The Goshen College physics room is home to some of the most unique sounds on campus, all made on a computer.

In 2009, John Buschert, a professor of physics, and a group of students engaged in a project that improvised music on a system of connected instruments. Although this project was a success, it was limited. Buschert and his students are seeking to refine and advance the past model.

Buschert, in effect, is a physicist who has a sideline career as a music mixer. His work combines the Bela computing platform and other elements to create new sounds.

“The idea is that it makes anyone into a musician,” he said.

Buschert and the students working on the research a decade ago called the earlier model “The Musician Maker.” He and the current team of students were planning to call the new model “Chimes.” Then Buschert thought of a better alternative: JEENI, which stands for “John’s Electronic Ensemble of Novel Instruments.”

He said that over his many years of his teaching at Goshen College, he learned how to use electronic instruments in computer programming and had a passion for interface design.

“I’ve played a bit with electronic instruments, and I’ve always been interested in interface design,” he said, “and so with this project, I was thinking of the possibility of having easier interfaces to control musical instruments of some kind.”

Buschert described what “The Musician Maker” was really about: “Imagine several people on stage each holding a wand-like controller of some type similar to the Wii controller. They are gesturing with their wands as music is playing from a computer system. Though they are not trained or especially skilled, each one is controlling some aspect of the music.”

Buschert then described an example of interaction with JEENI: “One of them waves their wand in a way that seems to steer a melodic line around. They don’t select each note, just the general contour of the melody line and whether it is staccato or legato. Another is controlling a bass line and punching the air to choose when notes happen and whether it’s a high or a low note but again they don’t seem to need to be choosing the exact pitch, just the general position and all the notes seem to work together harmonically no matter what the performers do.”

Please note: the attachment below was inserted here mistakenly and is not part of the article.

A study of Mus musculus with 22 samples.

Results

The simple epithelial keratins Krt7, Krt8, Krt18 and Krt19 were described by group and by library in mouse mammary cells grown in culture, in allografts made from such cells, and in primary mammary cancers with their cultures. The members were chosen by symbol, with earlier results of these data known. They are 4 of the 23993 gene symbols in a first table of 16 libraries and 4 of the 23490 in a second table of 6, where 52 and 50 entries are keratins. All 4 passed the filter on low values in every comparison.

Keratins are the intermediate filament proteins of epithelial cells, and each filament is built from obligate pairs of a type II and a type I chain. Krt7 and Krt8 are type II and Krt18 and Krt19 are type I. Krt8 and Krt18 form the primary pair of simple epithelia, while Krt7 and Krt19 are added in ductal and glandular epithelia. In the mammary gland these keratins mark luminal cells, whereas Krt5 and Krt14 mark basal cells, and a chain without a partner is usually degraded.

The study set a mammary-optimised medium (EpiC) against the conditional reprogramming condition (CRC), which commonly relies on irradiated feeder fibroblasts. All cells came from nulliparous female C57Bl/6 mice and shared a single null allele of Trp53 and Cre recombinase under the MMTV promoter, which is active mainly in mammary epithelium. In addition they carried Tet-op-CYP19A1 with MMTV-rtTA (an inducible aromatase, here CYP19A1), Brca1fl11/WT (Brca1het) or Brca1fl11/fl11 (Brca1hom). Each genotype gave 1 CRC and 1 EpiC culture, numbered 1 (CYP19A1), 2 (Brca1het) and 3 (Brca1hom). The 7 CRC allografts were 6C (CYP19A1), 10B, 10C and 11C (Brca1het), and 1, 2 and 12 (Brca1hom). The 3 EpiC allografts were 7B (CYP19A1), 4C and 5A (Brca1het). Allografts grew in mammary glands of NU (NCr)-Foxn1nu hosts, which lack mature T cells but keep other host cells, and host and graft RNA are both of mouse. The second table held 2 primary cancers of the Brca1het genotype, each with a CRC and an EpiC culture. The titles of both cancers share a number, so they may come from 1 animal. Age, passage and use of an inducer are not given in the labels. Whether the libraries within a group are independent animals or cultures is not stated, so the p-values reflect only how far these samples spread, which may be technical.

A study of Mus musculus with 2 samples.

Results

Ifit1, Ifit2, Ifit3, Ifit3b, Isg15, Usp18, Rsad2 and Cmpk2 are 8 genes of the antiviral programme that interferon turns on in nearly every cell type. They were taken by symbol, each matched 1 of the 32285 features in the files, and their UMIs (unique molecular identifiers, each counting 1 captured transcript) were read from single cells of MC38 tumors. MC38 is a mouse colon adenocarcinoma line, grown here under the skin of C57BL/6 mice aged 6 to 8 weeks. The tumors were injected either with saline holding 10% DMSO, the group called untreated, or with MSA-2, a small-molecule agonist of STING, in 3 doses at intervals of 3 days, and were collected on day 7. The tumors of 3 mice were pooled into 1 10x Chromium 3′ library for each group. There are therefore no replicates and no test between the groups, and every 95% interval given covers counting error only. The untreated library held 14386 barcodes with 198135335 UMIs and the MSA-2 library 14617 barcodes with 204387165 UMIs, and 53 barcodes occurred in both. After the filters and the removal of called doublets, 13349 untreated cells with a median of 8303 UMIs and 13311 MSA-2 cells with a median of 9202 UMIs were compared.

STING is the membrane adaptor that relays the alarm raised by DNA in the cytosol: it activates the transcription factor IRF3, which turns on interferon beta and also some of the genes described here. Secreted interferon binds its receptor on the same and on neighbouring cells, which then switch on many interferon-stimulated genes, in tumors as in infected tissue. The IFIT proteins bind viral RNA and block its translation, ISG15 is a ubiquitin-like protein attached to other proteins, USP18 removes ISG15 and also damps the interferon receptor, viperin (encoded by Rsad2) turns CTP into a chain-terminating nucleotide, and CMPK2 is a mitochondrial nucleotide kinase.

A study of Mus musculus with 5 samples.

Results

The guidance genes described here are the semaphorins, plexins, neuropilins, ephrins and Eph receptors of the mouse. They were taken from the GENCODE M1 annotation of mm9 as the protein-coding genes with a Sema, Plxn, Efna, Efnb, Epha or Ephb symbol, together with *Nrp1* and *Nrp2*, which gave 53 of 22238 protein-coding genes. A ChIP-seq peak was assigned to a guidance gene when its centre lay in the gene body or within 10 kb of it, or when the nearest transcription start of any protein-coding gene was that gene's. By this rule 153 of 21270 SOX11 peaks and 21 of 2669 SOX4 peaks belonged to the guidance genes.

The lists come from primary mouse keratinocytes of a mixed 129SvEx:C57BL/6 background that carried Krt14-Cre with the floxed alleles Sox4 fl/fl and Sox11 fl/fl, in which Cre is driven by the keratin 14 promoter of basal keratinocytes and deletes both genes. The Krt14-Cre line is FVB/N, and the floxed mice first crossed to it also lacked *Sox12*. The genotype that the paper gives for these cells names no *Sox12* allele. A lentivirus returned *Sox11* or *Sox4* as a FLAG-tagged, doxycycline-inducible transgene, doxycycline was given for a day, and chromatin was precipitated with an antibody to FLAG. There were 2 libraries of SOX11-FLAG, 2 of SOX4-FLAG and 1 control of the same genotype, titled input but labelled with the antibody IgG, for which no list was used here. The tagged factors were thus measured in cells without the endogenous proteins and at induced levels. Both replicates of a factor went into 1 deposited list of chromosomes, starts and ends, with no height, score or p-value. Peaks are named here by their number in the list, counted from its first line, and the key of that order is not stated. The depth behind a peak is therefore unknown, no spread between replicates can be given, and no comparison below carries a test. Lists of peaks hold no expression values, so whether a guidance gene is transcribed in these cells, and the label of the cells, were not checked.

“Another person is waving a hand as if conducting and this person is able to speed up or slow down the tempo and also to make everything louder and softer.”

Buschert said the research with JEENI requires three key elements: 1) hardware and interfacing to connect the motions of some kind of controllers to a computer program; 2) a musical score with structure and constraints but also freedom in certain parameters; 3) software that uses the motions to control various free parameters and generates the ongoing musical output.

All three of these elements are open to a variety of approaches at this point. With the ongoing creation of a completely new and improved JEENI, his hope is that they continue to implement new ideas and make progress.

“A lot changed once we tried to implement the ideas,” he said. “But much of the core dream is still on target. One big change is that I left behind waving wands in the air and chose physical interfaces that naturally come with haptic feedback. Gestures in my opinion are not the way to go.”

The original system had room for improvement.

“The old system connected every instrument through some interfaces to a laptop then messages are sent through an external sound module and that was connected to one set of speakers and not the others,” he said. “First, the latency between an action and the sound was about 20 milliseconds. Second, the sounds could not be altered in tone (or timbre); one could only control pitch and volume and there was no way to add that capability. Third, there were only two speaker channels; and finally, the accompaniment track was coded in a very simple way that restricted it to certain regular repeating patterns.”

Elise Jantz, a sophomore physics major from North Newton, Kansas, worked alongside Buschert as a Maple Scholar this past summer in the revival of the music project. Jantz recognized that she and Buschert both had a similar passion for music.

“I grew up with a lot of music, and playing violin and piano and singing in church,” she said. “Whether it’s playing with others or playing for others, it’s important to me to make music. I think an essential part of music is connection with other people.”

The pair sought to improve on the original model by creating a new system that gave the player more control both in learning the system and controlling expression.

“John is my advisor and I had classes with him, so we knew each other already and it wasn’t hard to talk to him about designs,” she said. “He had a system that was built by previous students that had several issues. We talked about which ideas would work. Usually it was just thinking out loud about pros and cons. So, we built a new system that was much faster and easier to write music for.”

Buschert continues to think about how the project may evolve.

“What I would like is to somehow codify more complex constraints that allow the new player more freedom but that still works musically,” he said. “Another dream of mine is that other people could write music for the system that anyone could then perform. We did this in a sense with chord progressions on the old system but in the new one there is much greater flexibility in how the accompaniment track is written. So, it will be time for a different type of student to contribute to the system.”